Being from the NorthWest, I’ve heard of Sherman Alexie once or twice in my life. And by that, I mean that I’ve read his short story “The Lone Ranger and Tonto Fistfight in Heaven” in at least four different classes. But one thing I’ve never read by him is his YA novel, The Absolutely True Story of a Part-Time Indian, published in 2007. I picked up a copy from the local library, and flipped through the first couple pages while walking to my car. By the time I got in and had my key in the ignition, it was another 15 minutes before I left. I was so engrossed in the hilarious yet honest account of Junior as he deals with life on the Spokane Indian reservation that it was hard to pull myself away. It deals with such hard Native-American Relations issues such as race (obviously) but also alcohol, segregation, poverty, family and tradition. He does so in such a way as to make it accessible to young adults, and even funny:
What kid hasn’t had to lie his way out of a potentially embarrassing situation? None! Even going through some of the trickier stuff such as death and racial prejudices, this book cleanly and effectively creates an understanding of the issues.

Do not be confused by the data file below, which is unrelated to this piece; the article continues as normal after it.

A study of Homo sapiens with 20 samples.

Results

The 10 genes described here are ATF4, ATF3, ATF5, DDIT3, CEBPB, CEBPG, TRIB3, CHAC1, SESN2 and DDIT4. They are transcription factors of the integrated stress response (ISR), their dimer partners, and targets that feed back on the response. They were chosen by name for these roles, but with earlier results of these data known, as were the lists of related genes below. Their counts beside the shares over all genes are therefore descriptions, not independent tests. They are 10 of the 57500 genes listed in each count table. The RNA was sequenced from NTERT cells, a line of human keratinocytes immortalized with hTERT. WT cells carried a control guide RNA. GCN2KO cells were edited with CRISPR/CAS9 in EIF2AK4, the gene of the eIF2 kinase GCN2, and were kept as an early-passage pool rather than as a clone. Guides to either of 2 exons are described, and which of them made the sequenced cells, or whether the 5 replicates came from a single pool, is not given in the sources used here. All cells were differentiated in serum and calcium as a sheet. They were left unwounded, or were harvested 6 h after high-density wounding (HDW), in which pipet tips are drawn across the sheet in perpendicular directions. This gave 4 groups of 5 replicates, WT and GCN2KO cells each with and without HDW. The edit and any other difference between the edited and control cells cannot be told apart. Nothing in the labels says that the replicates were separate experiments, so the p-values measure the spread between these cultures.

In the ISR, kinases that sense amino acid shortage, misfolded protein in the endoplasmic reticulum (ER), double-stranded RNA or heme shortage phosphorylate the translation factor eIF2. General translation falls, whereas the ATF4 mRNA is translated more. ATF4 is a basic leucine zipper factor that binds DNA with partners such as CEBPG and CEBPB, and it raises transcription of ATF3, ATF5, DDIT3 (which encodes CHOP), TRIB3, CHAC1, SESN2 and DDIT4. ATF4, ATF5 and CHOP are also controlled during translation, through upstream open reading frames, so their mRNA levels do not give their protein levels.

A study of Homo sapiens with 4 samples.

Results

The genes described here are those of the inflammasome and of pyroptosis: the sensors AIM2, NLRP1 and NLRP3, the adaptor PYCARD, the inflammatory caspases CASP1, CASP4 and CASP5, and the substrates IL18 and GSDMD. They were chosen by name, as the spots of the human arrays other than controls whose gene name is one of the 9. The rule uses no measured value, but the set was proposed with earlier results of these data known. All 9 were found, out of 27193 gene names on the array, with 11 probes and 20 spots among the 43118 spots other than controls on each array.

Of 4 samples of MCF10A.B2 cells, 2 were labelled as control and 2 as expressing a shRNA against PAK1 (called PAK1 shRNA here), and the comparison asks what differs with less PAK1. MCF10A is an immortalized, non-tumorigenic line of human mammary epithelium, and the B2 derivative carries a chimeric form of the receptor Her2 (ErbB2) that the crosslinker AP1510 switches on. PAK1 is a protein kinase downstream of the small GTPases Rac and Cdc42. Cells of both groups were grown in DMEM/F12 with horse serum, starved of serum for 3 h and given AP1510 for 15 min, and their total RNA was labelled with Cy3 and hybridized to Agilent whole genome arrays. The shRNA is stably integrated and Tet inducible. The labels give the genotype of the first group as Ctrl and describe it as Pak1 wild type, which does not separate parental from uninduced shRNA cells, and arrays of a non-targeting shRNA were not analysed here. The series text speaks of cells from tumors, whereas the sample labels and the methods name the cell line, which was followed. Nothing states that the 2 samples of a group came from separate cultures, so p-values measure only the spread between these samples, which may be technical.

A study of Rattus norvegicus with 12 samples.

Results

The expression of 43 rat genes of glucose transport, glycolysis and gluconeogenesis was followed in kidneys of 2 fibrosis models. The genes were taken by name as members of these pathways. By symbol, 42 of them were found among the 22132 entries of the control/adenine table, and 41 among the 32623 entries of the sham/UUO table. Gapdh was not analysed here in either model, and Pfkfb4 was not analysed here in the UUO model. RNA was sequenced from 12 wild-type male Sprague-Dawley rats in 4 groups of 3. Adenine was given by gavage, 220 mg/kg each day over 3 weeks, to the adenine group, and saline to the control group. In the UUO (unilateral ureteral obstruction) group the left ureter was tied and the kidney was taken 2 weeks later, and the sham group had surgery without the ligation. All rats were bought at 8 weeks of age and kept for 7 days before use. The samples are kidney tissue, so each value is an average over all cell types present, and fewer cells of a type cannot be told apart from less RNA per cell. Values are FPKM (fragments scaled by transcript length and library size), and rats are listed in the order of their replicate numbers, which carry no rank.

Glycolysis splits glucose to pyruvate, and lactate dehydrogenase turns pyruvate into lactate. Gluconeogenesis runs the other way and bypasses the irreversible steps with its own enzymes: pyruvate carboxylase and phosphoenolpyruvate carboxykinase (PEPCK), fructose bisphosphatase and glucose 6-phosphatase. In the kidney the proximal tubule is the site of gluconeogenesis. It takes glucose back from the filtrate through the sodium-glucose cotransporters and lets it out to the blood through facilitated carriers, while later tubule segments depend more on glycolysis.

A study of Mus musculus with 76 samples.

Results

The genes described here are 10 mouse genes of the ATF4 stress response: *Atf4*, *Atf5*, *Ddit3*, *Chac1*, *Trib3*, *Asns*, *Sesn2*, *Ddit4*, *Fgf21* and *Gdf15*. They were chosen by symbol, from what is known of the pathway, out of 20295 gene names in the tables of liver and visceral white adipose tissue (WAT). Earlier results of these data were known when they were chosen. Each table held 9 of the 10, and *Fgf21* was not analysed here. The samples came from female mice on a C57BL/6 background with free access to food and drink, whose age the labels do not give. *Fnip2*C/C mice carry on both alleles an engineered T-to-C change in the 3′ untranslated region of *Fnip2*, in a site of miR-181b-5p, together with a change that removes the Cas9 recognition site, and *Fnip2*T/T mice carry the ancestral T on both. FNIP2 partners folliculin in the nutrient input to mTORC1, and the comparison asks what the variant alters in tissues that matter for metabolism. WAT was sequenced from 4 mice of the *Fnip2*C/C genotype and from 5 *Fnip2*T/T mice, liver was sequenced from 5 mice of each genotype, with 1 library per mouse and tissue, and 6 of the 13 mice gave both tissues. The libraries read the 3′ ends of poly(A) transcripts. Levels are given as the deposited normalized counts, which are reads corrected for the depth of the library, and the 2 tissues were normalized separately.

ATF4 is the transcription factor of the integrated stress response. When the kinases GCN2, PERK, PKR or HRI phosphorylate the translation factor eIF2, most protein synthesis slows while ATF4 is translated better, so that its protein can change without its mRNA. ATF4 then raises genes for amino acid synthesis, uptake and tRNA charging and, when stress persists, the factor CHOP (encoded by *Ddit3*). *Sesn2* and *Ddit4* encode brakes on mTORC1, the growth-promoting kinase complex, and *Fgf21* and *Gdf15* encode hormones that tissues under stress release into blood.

It wasn’t until I put it down that I realized too why I so loved this book. It follows very closely the story line of my favorite Disney movie of all time: The Little Mermaid! She is a “fish that is too big for her pond” so to speak, and wants to better her life by joining the people on the other side of the fence, exactly akin to Junior. She finds her prince (Penelope, in Junior’s case) and is guided through her journey by her fishy friends (Rowdy and Gordy).
This astounded me and it took several days of stewing for me to come to grips with the situation. Now, I for one am a merciless critic of repetitious or “copy cat” texts or films. Avatar, for example, was nearly word for word the same plot as Pocahontas or Fern Gully. But with Sherman Alexie’s text, I wasn’t struck by the same feeling. Perhaps it is because I enjoyed it so much for what it was in itself (if you remove the special effects, its astounding how horribly boring Avatar is). But perhaps I was defeated by the age-old saying that every great story has already been told. And what’s so bad about remediation anyways? It’s just putting the same object into a different context, or putting on a different lens of perception in order to create a better understanding of the issue. And isn’t that the point? Enjoying a story for what it is, and not what it copies?
Maybe I’m reading too much into the text. After all, this blog is about reading 1001 books, and not analyzing a single book in 1001 ways. But I believe there was a lesson learned: don’t judge a book by its archetypal structure, and when it comes to life, laughing and crying are the same thing, basically.